Full Name: MELVIN DOUGLAS RASH
Date of Birth: 6/8/1946
Date of Casualty: 5/22/1968
Home of Record: YORKTOWN, VIRGINIA
Branch of Service: AIR FORCE
Casualty Country: LAOS
Casualty Province: LZ
Courtesy of the Daily Press
By Jon Cawley
27 December 2009
YORK COUNTY, VIRGINIA – It took 41 years, but a York County airman missing in action since the Vietnam War has finally been laid to rest in Arlington National Cemetery after his remains were positively identified earlier this year.
Melvin Douglas Rash, of Grafton, was buried with full military honors December 7, 2009, at the revered Washington-area cemetery. He had been missing since 1968, when his Air Force C-130 airplane was presumably shot down over Vietnam.
After years of dead ends, the plane's wreckage was finally positively identified in 2002 in a jungle area near the Laotian border. It took six years before military investigators — with permission from the Vietnamese government — were able to get to the site and use archaeological techniques to sift through the remaining wreckage and surrounding area where they found human remains later matched to five of the plane's nine crew members. Rash was one of those five, said Rash's older brother Larry Rash.
“I've done more grieving in the last few months than I had since he went missing,” Larry Rash said, adding that the family held out that there would be a homecoming. “Eventually, the hope just faded — although we never really gave it up. Finding the remains forced closure.”
Rash's parents, Howard and Myrtle Rash, died in 2002 and 2005, respectively. In addition to Larry Rash, Melvin Rash is survived by a sister, Ranae L. Carroll.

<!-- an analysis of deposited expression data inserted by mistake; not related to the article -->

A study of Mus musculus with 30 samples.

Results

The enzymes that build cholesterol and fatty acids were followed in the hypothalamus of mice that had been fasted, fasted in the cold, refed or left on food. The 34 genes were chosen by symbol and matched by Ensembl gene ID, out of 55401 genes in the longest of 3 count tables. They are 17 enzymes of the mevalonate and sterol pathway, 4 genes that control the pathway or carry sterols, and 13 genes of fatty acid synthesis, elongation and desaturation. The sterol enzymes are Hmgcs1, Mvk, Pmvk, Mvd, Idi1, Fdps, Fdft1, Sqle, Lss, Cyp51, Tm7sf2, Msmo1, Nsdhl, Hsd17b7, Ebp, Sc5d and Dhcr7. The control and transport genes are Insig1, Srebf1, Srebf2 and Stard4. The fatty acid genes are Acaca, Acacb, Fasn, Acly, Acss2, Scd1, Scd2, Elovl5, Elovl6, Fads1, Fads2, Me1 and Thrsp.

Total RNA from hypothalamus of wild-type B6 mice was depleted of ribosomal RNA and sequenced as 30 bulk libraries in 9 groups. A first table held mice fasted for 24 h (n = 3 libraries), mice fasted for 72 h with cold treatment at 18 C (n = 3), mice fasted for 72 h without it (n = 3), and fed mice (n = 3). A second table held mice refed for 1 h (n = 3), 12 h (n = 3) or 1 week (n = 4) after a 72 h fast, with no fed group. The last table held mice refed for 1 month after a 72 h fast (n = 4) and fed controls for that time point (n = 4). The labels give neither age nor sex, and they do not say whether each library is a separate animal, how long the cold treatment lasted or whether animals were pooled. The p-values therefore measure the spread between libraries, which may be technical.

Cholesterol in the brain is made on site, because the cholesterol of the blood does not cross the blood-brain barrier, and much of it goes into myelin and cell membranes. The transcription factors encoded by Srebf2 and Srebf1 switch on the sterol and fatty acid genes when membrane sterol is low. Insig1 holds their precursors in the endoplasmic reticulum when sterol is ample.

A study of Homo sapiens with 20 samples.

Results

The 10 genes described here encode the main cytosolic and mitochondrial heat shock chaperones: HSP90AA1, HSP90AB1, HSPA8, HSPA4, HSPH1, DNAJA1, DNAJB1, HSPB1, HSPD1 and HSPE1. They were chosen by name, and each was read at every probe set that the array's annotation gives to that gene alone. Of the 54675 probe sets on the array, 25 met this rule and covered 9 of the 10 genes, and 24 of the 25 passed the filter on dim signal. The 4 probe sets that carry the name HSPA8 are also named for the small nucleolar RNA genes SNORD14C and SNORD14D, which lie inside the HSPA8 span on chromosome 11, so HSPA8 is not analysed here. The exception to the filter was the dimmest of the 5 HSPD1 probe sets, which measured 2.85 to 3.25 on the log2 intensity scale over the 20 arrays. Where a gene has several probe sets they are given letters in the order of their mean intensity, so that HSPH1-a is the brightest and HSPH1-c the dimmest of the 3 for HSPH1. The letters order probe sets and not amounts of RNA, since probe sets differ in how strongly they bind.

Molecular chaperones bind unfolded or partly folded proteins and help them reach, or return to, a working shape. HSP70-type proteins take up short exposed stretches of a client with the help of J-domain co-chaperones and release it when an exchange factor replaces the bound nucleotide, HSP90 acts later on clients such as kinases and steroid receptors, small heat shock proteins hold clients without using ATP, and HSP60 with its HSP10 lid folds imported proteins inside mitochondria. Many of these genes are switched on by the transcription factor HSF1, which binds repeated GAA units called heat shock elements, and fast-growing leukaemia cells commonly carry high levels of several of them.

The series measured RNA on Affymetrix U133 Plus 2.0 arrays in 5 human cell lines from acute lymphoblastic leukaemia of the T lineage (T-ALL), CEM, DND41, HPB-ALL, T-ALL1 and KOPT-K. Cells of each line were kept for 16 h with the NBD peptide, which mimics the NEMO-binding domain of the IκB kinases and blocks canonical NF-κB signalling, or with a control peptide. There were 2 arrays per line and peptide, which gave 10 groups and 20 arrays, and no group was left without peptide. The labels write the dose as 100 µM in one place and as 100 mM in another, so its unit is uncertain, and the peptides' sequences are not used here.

Even though the military notified the family in 2002 that Melvin Rash's plane had been discovered, the parents' health was such that they were never able to understand that their son may have been found, Larry Rash said.
Larry Rash said his brother joined the Air Force in 1966 after graduating from York High School. Melvin Rash spent two years in the military and was within a couple months of leaving Vietnam, after two tours of duty, when the plane and crew failed to return from a mission.
At the time, Melvin Rash was a load master on the C-130, the crew member responsible for prepping cargo for parachute drops. On the night of the crash, the crew was dropping flares over hostile territory when they came under fire, Larry Rash said.
“The rest of the squadron lost contact with the plane, and it is believed there were no survivors,” he said. “Fire on the ground is all we had until 2002.”
The investigation was hampered for years by dense jungle and “false leads” provided by those who lived in the area, Larry Rash said.
Because four of the plane's crew members are still unaccounted for, some unidentified bone fragments found at the scene will be symbolically buried at Arlington sometime in 2010, Larry Rash said.
With the recovery of Rash's remains, his status on York County's 9-year-old War Monument will be updated from its current missing in action designation.
Melvin Rash will be honored at a York County Memorial Day ceremony next year “because we've finally seen him brought home and buried,” said Tim Smith, of York's Historical Committee.